Apr 2, 2007

By Kathleen Hopkins, Asbury Park Press, N.J.

Apr. 3--Billboards scream out savings to passing vehicles. Mailings beckon motorists to switch.

Even New Jersey's most selective auto insurer is asking policyholders to beware of talking reptiles offering better rates.

What is going on?

Just five years ago, auto insurers were fleeing New Jersey, and even some of the best drivers had a hard time getting policies.

Now insurance companies are actively courting New Jersey motorists in lively competition for their business.

"Advertising for auto insurance in New Jersey was unheard of before 2003," said Patrick Breslin, spokesman for New Jersey Manufacturers, the state's largest and perhaps most selective auto insurer.

But now, the market is different.

"You see the billboards everywhere," said Rachel Moore, spokeswoman for the Insurance Council of New Jersey. "You see the commercials. . . . It's a new era in auto insurance where companies are actively competing."

Five years ago, two of the largest auto insurance companies in New Jersey, State Farm and AIG, filed for permission to leave the state, following a trend that saw more than 40 auto insurance carriers depart New Jersey in the preceding decade.

Since then, State Farm and AIG have abandoned their plans to leave, and some of the nation's largest insurance carriers, such as Geico -- the company that uses a gecko as its spokesman -- have begun writing auto policies in the state.

The change in atmosphere was spurred by a package of reforms signed into law in 2003 by then-Gov. James E. McGreevey. Among the goals of the auto-insurance reform package was to attract new insurance companies and promote competition.

The package lifted some burdensome regulations that made it difficult for insurance companies to apply their national business models to New Jersey, according to Jim Gardner, a spokesman for the New Jersey Department of Banking and Insurance. Among the reforms were an expedited process to implement rate changes lower than 7 percent, and to calculate over seven years rather than three years, whether a company earned excess profits that have to be paid back to policyholders.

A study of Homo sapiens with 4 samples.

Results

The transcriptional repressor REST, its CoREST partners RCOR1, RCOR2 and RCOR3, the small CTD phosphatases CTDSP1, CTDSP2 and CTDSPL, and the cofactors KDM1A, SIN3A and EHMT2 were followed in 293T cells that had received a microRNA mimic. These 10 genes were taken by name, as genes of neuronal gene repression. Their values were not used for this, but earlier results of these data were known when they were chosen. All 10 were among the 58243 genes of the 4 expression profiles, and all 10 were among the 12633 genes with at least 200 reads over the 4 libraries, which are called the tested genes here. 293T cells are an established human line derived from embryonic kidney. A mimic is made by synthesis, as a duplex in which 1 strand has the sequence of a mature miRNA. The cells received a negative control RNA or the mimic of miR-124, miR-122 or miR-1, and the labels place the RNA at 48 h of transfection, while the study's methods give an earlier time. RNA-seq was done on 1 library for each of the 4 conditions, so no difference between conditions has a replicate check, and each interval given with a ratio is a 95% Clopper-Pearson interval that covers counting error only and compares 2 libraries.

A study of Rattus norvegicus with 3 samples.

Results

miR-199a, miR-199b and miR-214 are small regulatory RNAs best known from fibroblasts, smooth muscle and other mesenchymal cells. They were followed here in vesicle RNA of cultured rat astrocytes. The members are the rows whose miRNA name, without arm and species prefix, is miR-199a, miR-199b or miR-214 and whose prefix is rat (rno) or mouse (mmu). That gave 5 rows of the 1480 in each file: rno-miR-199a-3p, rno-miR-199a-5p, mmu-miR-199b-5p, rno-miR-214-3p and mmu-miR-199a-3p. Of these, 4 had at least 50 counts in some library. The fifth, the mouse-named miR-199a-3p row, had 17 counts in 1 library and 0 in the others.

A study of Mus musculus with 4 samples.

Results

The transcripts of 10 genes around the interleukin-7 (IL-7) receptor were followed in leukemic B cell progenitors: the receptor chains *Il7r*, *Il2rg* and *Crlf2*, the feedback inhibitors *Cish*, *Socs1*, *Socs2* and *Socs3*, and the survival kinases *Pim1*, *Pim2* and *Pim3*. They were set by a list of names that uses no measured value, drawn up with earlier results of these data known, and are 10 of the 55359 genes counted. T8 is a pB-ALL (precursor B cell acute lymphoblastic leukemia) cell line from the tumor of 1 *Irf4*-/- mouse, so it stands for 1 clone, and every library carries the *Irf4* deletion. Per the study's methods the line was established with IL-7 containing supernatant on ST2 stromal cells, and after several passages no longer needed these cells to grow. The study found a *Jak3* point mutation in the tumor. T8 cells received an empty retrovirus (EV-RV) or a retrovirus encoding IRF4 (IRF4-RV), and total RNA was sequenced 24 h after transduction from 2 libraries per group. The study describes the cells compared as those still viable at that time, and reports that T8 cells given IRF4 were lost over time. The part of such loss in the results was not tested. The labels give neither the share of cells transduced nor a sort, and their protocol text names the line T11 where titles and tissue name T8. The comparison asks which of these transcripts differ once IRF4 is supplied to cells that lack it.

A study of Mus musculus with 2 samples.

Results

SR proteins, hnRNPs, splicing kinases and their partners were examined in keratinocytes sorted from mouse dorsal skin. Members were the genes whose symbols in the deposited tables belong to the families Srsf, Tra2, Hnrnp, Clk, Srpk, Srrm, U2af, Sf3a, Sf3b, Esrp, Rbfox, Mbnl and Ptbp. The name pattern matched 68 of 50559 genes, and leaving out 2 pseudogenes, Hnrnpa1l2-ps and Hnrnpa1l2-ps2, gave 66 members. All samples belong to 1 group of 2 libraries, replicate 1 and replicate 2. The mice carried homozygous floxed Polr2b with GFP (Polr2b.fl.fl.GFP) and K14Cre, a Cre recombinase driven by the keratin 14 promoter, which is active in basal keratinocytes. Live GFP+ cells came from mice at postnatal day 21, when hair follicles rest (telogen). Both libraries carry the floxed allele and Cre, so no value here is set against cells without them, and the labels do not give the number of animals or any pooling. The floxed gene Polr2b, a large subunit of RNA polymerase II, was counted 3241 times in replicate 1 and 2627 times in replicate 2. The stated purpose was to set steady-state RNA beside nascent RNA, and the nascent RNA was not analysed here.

"Companies now have motivation to look at New Jersey as a healthier market to do business in," said Breslin, the New Jersey Manufacturers spokesman.

New Jersey is a relatively wealthy state, and its residents drive newer, more expensive cars, compared to the rest of the country, he said.

"It's a good demographic for insurance companies to look at, but they had long shunned New Jersey because of the regulatory environment," Breslin said.

As a result of the more favorable regulations, the number of auto insurers doing business in the state has grown from 62 to 70 and now includes some of the nation's top insurance companies, Gardner said. With the increased competition, $1 billion in rate reductions and dividends have been returned to New Jersey policyholders, he said. In fact, three-quarters of New Jersey's motorists have seen lower auto insurance rates since the reforms took effect, he said.

"It's a healthy market," said Moore of the Insurance Council of New Jersey. "People are shopping around.

"It's great for consumers," she said. ". . . It's a really great opportunity for consumers to get the insurance product they want for the best price."

Among the direct mailings making the rounds in New Jersey is Geico's, informing motorists that switching to that company could save them $500 a year.

Another company, Progressive, offers in its direct mailings quick insurance quotes that "could save you hundreds of dollars!"

Allstate has doubled its advertising budget in New Jersey since the reforms went into effect, said company spokesman Walter Tomasheski. To help capture its share of the market, the company offers customized choices to customers who may be looking for something other than the just the cheapest rates, he said.

And New Jersey Manufacturers, which offers new policies only to motorists with no accidents, violations or license suspensions for three years, has been sending letters to its customers warning them to, "be careful about all that auto insurance advertising out there."

New Jersey Manufacturers' letter reminds its policyholders that its rates are for 12 months, and some of the companies vying for their business may be quoting six-month rates.

"If you are comparing, don't forget to multiply six-month premiums by two and remember -- NJM does not raise your rates because of an occasional accident or traffic violation," the letter says.

Breslin, the company's spokesman, said New Jersey Manufacturers does not advertise, which is one of the reasons it is able to offer low rates and dividends to policy holders.


Distributed by McClatchy-Tribune Business News.